Why I write


Why do I write?  And why young adult fantasy?  Don’t teens have enough to deal with?  Shouldn’t I focus more on offering teens solutions during these tough years rather than fill their heads with non-existent fluff?  Isn’t writing fantasy a bit egotistical?

Believe it or not, these are questions I’ve been asked over the past several years.  I respond this way:

  • I write because I love to write.  It’s as important to me as breathing.  If I go a day without writing, I get jittery.  My brain flips out.  It’s like I didn’t get my ‘fix’ and I’m in major withdrawal. It’s not pretty.
  • I like writing young adult books because kids need a place to escape, just like adults.  I like the audience.  I think they are an awesome bunch of peeps and not so stereotypical as adults make them out to be.
  • I write fantasy because kids, like adults, want to escape reality.  They want to go to a place where they can defeat any and all odds, where they can be the hero.
  • Fantasy is no different than any other genre in the lessons that can be taught and learned.  The lessons are just more intense.  The situations are taken to the extreme, but in the end, the hero ends up believing in himself and what he can accomplish, if he puts his mind to a task. I can’t think of a more practical lesson for a teen.
  • As for writing being an egotistical thing to do…well, yes it is.  It’s also a very giving art form.  We see the world a different way.  We hear dialogue differently.  We are always asking the proverbial question, What if?  Our dreams become more than images in our brains.  They take on a life of their own.  Unlike the general populace, writers have an inexplicable urge to share those dreams, those stories with others.  To do so, we have to share our deepest secrets, our hopes, our fears.  Unflinching courage is required to write.  Even more courage is required to ‘put it out there’ for others to read.  Rejection is very hard on a writer because writing is so close to our souls.  It makes us vulnerable and it takes a long time, sometimes years, to toughen our hide.  Even then, negative reviews still stab at our core.  And yet…we keep on because we have a story that has to be told.

In my case, I like fantasy because it is true escapism.  Of all the stories I clung to as a child, it was the fairytales that stuck with me the most.  The shining knights on white horses that rescued those in distress, the castles…magic.  Fantasy took me away from my problems of the here and now.  It made me invincible.  I could picture myself in gowns, or dressed in a poet shirt and trousers, fleeing on a horse through the woods from some despicable evil, a sword at my side.  There was always a sense of honor, integrity, a belief in doing what was right, not what was easy.  There was always a sense of danger around every corner, along with a knowing that the hero would prevail against all odds.  For me, fantasy provided, and still does, an escape, a release from the tensions of modern life.  The characters often face problems far more serious than our own.  Look at Katniss in the Hunger Games – forced into a game of life and death to save her sister and her family.  Fantasy readers understand that, no matter how big the problem (which are usually much bigger than our own), our hero will prevail.  It teaches us not to ever give up.  After all, if a seventeen year old can kill a dragon with a magic stone, then the seventeen year old reading the book may look at his Geometry test with a bit more confidence.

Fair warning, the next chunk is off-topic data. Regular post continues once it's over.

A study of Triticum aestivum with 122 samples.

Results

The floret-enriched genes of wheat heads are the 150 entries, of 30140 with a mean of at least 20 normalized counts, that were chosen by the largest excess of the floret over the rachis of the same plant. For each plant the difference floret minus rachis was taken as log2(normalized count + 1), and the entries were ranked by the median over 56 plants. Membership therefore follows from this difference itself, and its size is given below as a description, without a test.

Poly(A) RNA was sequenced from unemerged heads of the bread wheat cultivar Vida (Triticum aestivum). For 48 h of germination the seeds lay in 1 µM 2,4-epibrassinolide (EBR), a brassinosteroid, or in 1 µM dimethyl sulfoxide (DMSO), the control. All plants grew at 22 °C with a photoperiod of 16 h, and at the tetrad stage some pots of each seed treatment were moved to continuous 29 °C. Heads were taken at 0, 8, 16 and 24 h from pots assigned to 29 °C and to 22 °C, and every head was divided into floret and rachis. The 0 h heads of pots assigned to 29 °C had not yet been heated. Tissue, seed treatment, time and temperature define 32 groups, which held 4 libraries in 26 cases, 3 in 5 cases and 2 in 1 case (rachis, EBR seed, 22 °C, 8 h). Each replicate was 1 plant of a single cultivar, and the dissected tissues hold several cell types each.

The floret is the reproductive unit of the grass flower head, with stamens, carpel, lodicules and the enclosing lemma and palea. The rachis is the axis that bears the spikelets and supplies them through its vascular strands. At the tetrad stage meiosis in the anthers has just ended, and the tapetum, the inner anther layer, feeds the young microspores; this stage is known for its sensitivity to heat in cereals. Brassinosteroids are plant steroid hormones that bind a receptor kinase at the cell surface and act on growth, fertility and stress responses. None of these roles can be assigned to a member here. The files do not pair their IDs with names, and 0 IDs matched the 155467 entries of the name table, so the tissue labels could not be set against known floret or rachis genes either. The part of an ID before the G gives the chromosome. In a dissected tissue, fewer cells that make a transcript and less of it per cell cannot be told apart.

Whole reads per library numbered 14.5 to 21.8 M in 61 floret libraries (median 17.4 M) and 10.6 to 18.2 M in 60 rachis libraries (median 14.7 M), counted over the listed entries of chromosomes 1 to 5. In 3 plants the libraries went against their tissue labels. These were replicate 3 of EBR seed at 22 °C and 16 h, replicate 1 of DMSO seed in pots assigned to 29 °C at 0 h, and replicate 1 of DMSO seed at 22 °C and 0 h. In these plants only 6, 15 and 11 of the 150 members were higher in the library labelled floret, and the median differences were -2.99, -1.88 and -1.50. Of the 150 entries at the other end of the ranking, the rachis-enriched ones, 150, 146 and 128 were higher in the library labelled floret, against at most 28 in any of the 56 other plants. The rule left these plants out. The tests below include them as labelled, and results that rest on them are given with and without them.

I found that writing fantasy is more difficult than reading it.  We ask our readers to suspend belief with a completeness that is not required in other genres.  We have to push the boundaries.  We ask our readers to invest themselves not only in a made-up tale, but a made-up world.  I think writing fantasy reminds people of how necessary it is to dream, to never lose your childish imagination.  Think about it.  Why do you think Disney is so popular?

I do write other types of fiction but no other genre fuels my imagination the way fantasy does. I shrug and say, So what.  I’m a hopeless romantic and dreamer in love with tales of King Arthur and Merlin.  If you ask me, the world would be better off with a little more magic.  What do you think?


  1. I LOVE Merlin. When I found out that the new season was airing in London in October 2011, I hunted for websites that streamed the show. I was able to watch the entire season before SyFy started showing it in January. I guess you could say the new season is a re-run for me, but I don’t care. I love the show! I could watch it all day, every day.


    Have you watched the Syfy show Merlin? I’d addicted. 🙂


    It is about escaping where you are and running somewhere else, without the danger of actually going there.

    I have been reading fantasy since I was a child. Is it time to grow up?

    Nope.

    Why should I stop reading what I love… And why not write something I love?